The November pogrom, which became known as Kristallnacht due to the glass shattered over the streets after the attacks, marked an intensification of antisemitic oppression under the Nazi regime and for many historians represents the beginning of the Holocaust itself.
The images show uniformed members of the SS and SA Nazi paramilitary organizations actively participating in the violence — lighting fires, vandalizing homes and humiliating residents.
“Although I think many images of Kristallnacht are upsetting and disturbing, I think these are especially so. Because there’s a cruelty to them,” historian Toby Simpson, director of the Wiener Holocaust Library, told The Washington Post.
“They are unlike other images I’ve seen of Kristallnacht,” he said, adding that other photographs of the night tend to avoid directly showing the complicity of Nazi officials. “In some senses it didn’t suit Nazi propaganda to have people in SA uniform photographed committing crimes. This wasn’t necessarily the images the Nazis wanted to portray.”
It is not known how the photographs, taken throughout that night during the attacks in Nuremberg and nearby Fürth, came into the possession of an American soldier who was serving in the U.S. Army’s counterintelligence department in Germany. He never spoke about what he witnessed, according to his daughter Ann Leifer, who discovered the photo album after his death when clearing his U.S. home, where the collection had remained unseen for decades.
The veteran’s family has donated the collection to Yad Vashem, Israel’s official memorial to the Holocaust, making the photos public for the first time.
According to historians, the photographs offer rare visual evidence of the direct complicity of uniformed Nazi officers in the antisemitic pogroms, something rarely captured on film, and denied by Nazis at the time.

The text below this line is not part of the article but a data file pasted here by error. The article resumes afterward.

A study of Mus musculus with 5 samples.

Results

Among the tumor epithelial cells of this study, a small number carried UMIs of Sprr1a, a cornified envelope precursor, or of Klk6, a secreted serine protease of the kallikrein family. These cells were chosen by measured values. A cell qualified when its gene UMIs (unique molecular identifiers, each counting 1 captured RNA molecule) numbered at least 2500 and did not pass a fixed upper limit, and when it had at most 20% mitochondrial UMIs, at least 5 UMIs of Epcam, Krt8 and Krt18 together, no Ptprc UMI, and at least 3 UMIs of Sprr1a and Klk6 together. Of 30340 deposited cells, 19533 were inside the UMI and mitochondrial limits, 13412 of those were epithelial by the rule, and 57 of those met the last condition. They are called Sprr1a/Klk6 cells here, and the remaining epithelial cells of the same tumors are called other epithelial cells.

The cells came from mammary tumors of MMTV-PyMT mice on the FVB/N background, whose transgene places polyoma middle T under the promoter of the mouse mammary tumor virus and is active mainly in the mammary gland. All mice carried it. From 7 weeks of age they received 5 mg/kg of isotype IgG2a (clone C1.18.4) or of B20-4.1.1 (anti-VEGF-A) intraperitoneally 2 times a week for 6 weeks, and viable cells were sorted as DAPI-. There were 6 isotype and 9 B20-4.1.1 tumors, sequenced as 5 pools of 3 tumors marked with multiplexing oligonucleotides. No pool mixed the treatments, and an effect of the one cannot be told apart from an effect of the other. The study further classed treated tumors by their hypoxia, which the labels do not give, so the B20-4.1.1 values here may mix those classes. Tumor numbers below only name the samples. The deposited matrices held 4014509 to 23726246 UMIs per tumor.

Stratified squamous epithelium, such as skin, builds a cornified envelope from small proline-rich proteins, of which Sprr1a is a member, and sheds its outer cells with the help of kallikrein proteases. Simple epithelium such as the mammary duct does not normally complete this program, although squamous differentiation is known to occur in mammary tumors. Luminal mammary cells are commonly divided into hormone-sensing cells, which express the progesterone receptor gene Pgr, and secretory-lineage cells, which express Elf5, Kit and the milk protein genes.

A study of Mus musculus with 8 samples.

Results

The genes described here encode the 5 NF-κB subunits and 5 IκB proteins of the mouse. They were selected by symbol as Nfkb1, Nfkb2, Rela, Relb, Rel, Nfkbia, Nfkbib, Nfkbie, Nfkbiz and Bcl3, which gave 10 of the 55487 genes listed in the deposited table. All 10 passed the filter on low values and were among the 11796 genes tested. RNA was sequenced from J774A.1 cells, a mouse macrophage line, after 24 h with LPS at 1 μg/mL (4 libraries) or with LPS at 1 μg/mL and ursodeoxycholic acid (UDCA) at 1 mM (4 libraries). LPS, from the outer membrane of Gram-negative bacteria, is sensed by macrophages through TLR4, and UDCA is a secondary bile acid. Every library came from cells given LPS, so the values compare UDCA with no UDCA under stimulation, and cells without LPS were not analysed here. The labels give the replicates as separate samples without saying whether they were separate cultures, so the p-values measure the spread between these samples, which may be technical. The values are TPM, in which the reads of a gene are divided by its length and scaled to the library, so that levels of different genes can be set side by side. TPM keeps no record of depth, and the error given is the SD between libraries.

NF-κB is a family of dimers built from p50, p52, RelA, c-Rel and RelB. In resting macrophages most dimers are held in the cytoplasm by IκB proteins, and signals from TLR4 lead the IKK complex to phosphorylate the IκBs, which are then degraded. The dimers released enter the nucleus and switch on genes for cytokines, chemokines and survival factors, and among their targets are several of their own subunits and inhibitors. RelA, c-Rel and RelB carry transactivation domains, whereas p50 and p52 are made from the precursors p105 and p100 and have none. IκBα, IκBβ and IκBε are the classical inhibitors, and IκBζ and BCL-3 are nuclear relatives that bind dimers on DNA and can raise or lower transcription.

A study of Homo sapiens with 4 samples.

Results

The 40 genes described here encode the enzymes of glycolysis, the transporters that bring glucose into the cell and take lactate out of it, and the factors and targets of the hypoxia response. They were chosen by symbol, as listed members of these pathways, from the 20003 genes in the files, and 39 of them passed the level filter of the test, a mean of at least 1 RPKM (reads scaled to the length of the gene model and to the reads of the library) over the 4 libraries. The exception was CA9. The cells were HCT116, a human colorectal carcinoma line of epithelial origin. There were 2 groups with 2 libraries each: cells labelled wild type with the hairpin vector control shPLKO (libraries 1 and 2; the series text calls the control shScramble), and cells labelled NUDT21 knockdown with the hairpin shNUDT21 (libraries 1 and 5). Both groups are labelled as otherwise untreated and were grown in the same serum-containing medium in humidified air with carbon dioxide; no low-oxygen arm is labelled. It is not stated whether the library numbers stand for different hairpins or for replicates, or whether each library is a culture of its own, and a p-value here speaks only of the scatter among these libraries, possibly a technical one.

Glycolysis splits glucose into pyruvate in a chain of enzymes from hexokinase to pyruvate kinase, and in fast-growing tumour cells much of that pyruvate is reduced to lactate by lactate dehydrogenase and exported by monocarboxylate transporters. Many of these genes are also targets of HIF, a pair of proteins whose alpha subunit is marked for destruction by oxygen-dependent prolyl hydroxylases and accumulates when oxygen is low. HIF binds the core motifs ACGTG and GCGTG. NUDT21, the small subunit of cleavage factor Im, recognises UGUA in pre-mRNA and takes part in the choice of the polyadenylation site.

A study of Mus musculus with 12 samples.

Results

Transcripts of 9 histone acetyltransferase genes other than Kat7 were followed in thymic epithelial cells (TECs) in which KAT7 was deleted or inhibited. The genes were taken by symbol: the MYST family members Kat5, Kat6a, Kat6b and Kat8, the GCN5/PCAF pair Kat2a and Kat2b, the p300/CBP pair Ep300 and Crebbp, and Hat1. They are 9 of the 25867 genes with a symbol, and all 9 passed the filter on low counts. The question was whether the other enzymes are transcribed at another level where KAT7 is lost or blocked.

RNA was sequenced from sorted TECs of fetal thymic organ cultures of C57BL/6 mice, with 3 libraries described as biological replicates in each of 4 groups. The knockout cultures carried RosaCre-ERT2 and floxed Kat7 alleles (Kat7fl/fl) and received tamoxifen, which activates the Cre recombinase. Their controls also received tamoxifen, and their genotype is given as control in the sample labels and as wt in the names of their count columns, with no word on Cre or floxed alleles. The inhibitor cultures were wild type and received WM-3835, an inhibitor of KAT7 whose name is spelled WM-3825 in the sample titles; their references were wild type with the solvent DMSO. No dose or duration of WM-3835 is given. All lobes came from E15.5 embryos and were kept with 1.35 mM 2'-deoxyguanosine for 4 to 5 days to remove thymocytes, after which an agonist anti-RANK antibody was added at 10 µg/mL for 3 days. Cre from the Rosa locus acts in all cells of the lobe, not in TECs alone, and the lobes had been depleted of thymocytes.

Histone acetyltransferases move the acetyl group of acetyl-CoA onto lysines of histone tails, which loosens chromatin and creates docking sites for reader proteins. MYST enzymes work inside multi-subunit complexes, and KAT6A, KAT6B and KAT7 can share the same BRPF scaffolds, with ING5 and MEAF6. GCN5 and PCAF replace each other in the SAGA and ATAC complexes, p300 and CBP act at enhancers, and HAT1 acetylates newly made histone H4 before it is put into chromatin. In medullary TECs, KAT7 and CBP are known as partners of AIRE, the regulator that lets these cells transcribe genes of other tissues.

The records show a startled woman in her bed, SS soldiers confiscating piles of books, and the shattered remains of Jewish businesses, among other scenes of chaos and violence from that night.
Officials at Yad Vashem say the images are rare, and the scenes depicted representative of much of the attacks happening across Germany and Austria during the riots.
“We can see from the extreme close-up nature of these photos that the photographers were an integral part of the event depicted. The angles and proximity to the perpetrators seem to indicate a clear goal, to document the events that took place,” Jonathan Matthews, head of Yad Vashem’s photographic archives, said in a news release. “All this serves as further proof that this was dictated from above and was not a spontaneous event of an enraged public, as they tried to make these pogroms appear.”
Other historical images exist of SA men participating in Kristallnacht by putting up anti-Jewish posters or watching on as the violence unfolds — but it is rare to see images of uniformed Nazis themselves holding piles of looted books and terrorizing women.
According to Yad Vashem, some of the images show wounded Jewish victims. In one, German SS soldiers can be seen confiscating piles of secular and religious books — presumably, according to the memorial’s archivists, to be burnt.
In addition to the houses that were ransacked, in some cases by the neighbors and acquaintances of the victims, thousands of Jewish businesses were torched, 267 synagogues destroyed, and scores of people killed. Some 30,000 Jews were rounded up on that night and sent to concentration camps.
The violence, which was unleashed amid a rising tide of antisemitism gripping Nazi Germany at the time, was incited by Nov. 9 instructions delivered by Hitler’s chief propagandist, Joseph Goebbels. “The Führer has decided that … demonstrations should not be prepared or organized by the Party, but insofar as they erupt spontaneously, they are not to be hampered,” Goebbels told Nazi officials.
Despite their intended appearance of spontaneity, the riots were planned in advance by officials. They were carefully timed to coincide across three countries. Non-Jewish properties were protected and local police officials were instructed to arrest as many Jews as the local jails could hold — suggesting advanced coordination.
“These photographs clearly show the true intention of the Nazis and the systematic and deliberate lengths they would go to in order to accomplish their murderous agenda,” Yad Vashem Chairman Dani Dayan said. “These photographs constitute important documentary evidence of the atrocities that were inflicted on the Jews of Europe.”
The fact that the unseen photo album was discovered in a family home is also a reminder that there is still historical evidence surviving from the Holocaust that has not before been examined by historians.
“Sometimes people assume that there isn’t any more historically significant material out there to be found – but there is. And that’s one of the crucial things that this shows us,” Simpson said.